The widow of off-duty Marin County Sheriff's deputy killed in Petaluma last year says she deserves full benefits because her husband responded in his capacity as an officer. Others say he was off-duty and went there on his own accord.

Marin County Sheriff’s deputy Jim Mathiesen was killed last July when he went to the Petaluma home of a friend who was having trouble with an ex-boyfriend.

Mathiesen wasn’t on the clock, had alcohol in his system and didn’t follow protocol by calling for backup.

But his widow says she deserves “service-connected” survivor benefits, which total $50,000 a year tax-free, instead of the $16,000 taxable survivor’s pension she now receives, according to an article in Monday’s Marin Independent Journal.

Last month, a Marin County pension panel voted 5-2 to approve the service-connected pension. But because two members were absent, the panel will again gather and vote this Wednesday in an attempt to determine a fair payment for the widow.

Mathiesen was killed July 19, 2011 when he responded to the Liberty Road home of a friend who was being threatened by an ex-boyfriend.

The suspect, 28-year-old Novato resident Thomas Halloran, appeared at the home and killed the deputy, but was then shot to death by the woman's brother.

But according to the Marin County Sheriff’s Office, Mathiesen was not only off-duty at the time of his accident, but on paid leave due to an injury, and had been informed that he could not perform the duties of a deputy sheriff until he obtained medical clearance.

What do you think? Sound off in the comments below.

I' so pleased to have had the opportunity to hear the opinion of the ONLY women who "knows". SMH
Claire October 11, 2012 at 05:40 PM
me too! :)
DC October 12, 2012 at 04:00 PM
Claire, Would you please show me the rule you are referring to, that I may compare it to the following Code to make a more informed decision. California Government Code 50921: Whenever any peace officer of a city, county, or city and county of this state is injured, dies, or is disabled from performing his or her duties as a peace officer by reason of engaging in the apprehension or attempted apprehension of law violators or suspected law violators or protection or preservation of life or property, or the preservation of the peace anywhere in this state, including the local jurisdiction in which he or she is employed, but is not at the time acting under the immediate direction of his or her employer, he, she, or his or her dependents, as the case may be, shall be accorded by his or her employer all of the same benefits including the benefits of the Workers' Compensation Law, which he, she, or they would have received had that peace officer been acting under the immediate direction of his or her employer. Any injury, disability, or death incurred under the circumstances described in this section shall be deemed to have arisen out of and been sustained in the course of employment for purposes of workers' compensation and all other benefits.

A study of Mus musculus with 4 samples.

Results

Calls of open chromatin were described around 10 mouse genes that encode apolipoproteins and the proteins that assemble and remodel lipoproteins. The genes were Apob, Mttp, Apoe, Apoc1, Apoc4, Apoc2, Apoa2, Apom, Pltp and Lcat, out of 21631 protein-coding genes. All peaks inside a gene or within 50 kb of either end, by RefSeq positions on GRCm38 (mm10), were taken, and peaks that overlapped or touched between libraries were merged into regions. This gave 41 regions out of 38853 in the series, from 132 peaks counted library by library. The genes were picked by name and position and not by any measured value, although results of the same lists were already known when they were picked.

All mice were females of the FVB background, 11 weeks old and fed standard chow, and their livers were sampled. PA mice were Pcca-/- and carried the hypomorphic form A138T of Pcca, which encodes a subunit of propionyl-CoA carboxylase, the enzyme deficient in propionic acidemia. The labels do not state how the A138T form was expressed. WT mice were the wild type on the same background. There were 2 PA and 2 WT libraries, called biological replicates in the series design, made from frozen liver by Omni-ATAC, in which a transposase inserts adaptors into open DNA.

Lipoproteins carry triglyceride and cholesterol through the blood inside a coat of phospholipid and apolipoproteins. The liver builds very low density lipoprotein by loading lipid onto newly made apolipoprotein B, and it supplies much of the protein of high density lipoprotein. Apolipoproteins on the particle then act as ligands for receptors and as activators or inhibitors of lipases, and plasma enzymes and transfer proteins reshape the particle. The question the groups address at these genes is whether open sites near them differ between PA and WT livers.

Keith S. October 12, 2012 at 04:45 PM
Here, here. Thank you!
Claire October 12, 2012 at 05:29 PM
DC - the Novato Patch put out the question whether Mathieson's wife should receive service-connected benefits. I read from the article that there were different opinions as to whether she was entitled to that and the Patch asked people to comment and express their opinion. If the only rule that applies to such cases were indeed Government Code 50921, the question of entitlement would have never arisen. I don't know if other rules apply, but most evidently there were reasons why her entitlement was in question. When I commented that his wife should not receive benefits since it wasn't service-related, my comment was based on the article on the Patch with what I assumed was a legitimate question. If this is a rule that applies to all cases across the board, no questions ask, I am all for his wife to get the service-related benefits - as long as the same rules are applied across the board. If you read the article in the IJ you will see that she has now been granted the service-connected benefits based on a vote of the Board. However, the decision was evidently not as clear-cut as you make it seem and several people on the Board, as well as the County Retirement Administrator, were against paying service-related benefits without appointing an investigative committee and they must have had their reasons for that - whatever those reasons are.